In 1901, a small group of Sisters of Mercy moved their convent and school from overcrowded quarters on Second Street to a new building at 1176 E. Broadway, and the Academy of Our Lady of Mercy reopened its doors.This year, Mercy Academy celebrates 100 years at its "new" location. In March, the school will hold an all-class reunion weekend, during which a bronze statue of the order's founder, Mother Mary Catherine McAuley, will be unveiled. The statue will be the second of six produced by Nebraska artist Sondra Jonson, the first of which stands in front of Mercy High School in Omaha, Neb.
The statue will stand just inside a recently completed arched entryway that faces Broadway.
The entrance was designed in the style of the original facade of the building and holds a replica of the school's original nameplate. A canopy over double doors inside the entrance is similar to the entrance to the first house of Mercy opened by McAuley in Dublin, Ireland, and the cross atop the canopy reflects the first one over the school's original front door.
"We've tried to pack as much history into about 150 square feet as we possibly could," said Mercy principal Mike Johnson.
Sister Mary Prisca Pfeffer, a former principal who wrote "In Love and Mercy," a history of Louisville's Sisters of Mercy, has been a part of many of Mercy's last 100 years. She graduated from the high school in 1932 and entered the convent in 1934.
According to Pfeffer, the Sisters of Mercy began in Louisville as nurses, not teachers. Six members of the order -- who were teachers -- arrived in 1869 at the request of a local bishop to help out at the Old U.S. Marine Hospital in Portland, which was short of nurses.
Eventually, the hospital stopped accepting new patients and closed, but the sisters, whose numbers had grown, decided to stay. They attempted to teach on West Jefferson Street for a brief time before moving on to a site on South Second Street.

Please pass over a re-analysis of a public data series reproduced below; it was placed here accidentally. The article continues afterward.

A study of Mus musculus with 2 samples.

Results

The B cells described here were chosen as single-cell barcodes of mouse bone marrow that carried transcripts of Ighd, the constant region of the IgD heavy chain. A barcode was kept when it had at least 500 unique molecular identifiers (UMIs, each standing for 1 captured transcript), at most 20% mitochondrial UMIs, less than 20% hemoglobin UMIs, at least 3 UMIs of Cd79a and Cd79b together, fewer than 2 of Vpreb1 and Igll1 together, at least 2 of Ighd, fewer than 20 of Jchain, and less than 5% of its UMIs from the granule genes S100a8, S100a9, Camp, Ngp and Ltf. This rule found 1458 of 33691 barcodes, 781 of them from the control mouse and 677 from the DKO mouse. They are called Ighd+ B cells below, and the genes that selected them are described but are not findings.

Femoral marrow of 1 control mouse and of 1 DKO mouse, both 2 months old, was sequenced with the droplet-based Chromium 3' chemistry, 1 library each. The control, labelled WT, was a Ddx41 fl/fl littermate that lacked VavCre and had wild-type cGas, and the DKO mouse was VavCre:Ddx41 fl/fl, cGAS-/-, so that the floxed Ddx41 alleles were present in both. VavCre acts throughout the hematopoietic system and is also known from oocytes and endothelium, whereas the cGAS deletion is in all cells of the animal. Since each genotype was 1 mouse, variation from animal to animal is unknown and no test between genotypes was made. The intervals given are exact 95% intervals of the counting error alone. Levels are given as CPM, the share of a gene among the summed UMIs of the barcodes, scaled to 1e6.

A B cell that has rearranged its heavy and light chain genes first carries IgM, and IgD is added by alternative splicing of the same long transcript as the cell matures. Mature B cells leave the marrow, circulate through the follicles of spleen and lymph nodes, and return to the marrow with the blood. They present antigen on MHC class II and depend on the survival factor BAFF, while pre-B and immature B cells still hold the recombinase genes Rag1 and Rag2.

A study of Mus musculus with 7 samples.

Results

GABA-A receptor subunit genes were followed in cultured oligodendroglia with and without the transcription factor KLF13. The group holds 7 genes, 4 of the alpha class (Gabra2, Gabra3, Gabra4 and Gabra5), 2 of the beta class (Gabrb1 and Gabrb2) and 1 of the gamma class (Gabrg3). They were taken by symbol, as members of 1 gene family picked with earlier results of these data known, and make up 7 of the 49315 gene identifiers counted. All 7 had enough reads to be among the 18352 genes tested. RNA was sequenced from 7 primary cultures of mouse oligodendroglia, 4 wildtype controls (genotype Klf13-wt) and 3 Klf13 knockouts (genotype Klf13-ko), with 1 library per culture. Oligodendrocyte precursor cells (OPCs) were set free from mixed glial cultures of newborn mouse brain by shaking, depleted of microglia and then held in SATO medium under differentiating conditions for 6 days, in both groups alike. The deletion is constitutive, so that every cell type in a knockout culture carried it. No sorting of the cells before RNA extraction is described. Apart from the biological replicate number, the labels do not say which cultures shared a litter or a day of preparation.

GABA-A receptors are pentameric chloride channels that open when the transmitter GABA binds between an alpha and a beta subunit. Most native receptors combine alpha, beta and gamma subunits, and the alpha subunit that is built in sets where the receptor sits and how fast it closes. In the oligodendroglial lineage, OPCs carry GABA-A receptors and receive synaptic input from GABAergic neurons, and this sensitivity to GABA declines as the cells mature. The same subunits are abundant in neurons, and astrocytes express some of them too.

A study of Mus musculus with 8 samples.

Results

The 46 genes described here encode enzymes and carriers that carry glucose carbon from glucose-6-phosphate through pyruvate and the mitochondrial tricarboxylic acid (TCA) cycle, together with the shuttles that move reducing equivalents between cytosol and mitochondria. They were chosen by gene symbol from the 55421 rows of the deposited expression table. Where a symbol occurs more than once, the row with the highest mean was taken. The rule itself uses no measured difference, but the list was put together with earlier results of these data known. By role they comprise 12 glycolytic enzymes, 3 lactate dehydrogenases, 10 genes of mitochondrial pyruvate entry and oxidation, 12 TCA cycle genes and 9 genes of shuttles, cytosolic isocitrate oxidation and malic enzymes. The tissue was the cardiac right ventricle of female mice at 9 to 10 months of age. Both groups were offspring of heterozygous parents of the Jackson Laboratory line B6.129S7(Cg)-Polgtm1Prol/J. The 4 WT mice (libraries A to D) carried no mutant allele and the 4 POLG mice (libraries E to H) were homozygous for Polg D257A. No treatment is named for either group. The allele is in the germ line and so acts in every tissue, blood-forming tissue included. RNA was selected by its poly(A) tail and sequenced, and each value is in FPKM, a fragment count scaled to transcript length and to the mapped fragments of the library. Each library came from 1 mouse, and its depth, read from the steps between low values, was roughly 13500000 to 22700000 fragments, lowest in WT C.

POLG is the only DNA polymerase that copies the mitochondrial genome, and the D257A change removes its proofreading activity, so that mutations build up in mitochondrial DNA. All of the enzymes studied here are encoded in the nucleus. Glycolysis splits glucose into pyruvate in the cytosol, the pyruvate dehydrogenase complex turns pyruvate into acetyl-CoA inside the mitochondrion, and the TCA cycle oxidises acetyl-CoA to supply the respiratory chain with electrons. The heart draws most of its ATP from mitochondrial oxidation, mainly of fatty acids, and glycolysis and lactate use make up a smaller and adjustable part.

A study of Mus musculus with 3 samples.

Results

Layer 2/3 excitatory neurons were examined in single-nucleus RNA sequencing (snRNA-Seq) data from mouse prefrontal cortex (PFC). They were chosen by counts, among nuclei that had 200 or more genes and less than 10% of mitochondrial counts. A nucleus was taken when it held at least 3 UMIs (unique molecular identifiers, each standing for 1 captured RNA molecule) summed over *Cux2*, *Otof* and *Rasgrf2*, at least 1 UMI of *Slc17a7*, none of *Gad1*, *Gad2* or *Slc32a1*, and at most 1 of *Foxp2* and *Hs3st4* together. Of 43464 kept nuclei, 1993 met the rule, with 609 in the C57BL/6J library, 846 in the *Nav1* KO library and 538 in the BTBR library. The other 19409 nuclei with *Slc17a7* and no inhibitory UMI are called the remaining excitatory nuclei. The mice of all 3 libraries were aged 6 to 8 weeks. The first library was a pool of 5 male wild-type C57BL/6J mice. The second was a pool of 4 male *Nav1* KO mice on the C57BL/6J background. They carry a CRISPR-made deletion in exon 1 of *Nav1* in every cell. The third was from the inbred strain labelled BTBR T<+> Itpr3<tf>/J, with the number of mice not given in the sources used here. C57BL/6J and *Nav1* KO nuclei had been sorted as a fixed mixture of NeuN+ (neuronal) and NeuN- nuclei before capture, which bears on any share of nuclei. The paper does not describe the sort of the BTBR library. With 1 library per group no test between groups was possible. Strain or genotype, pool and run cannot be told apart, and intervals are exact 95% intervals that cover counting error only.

In 1872, the sisters began holding day classes under the name St. Catherine's Academy, with an elementary school for boys and girls, an industrial school with night classes for young women, and later a secondary school for girls. The first high school diploma from the Academy of Our Lady of Mercy was awarded in 1885.
Pfeffer and Johnson said today's Mercy students have the same spirit as the girls of that era -- a combination of hard work, scholarship and openness.
"The girls know that no matter what their background, they're on equal ground. That's a strong part of the Mercy spirit," Johnson said.He recalled something one of the workers who helped with the recent renovations said to him. The man, who had helped with a previous addition to the school as well, said he loved working on the building because it was so well-made.
"I think the building in many ways represents the educational program of the school," Johnson said. "The foundation is solid. Some things change, but the basis endures.
"It's an ongoing story in a building that's never finished."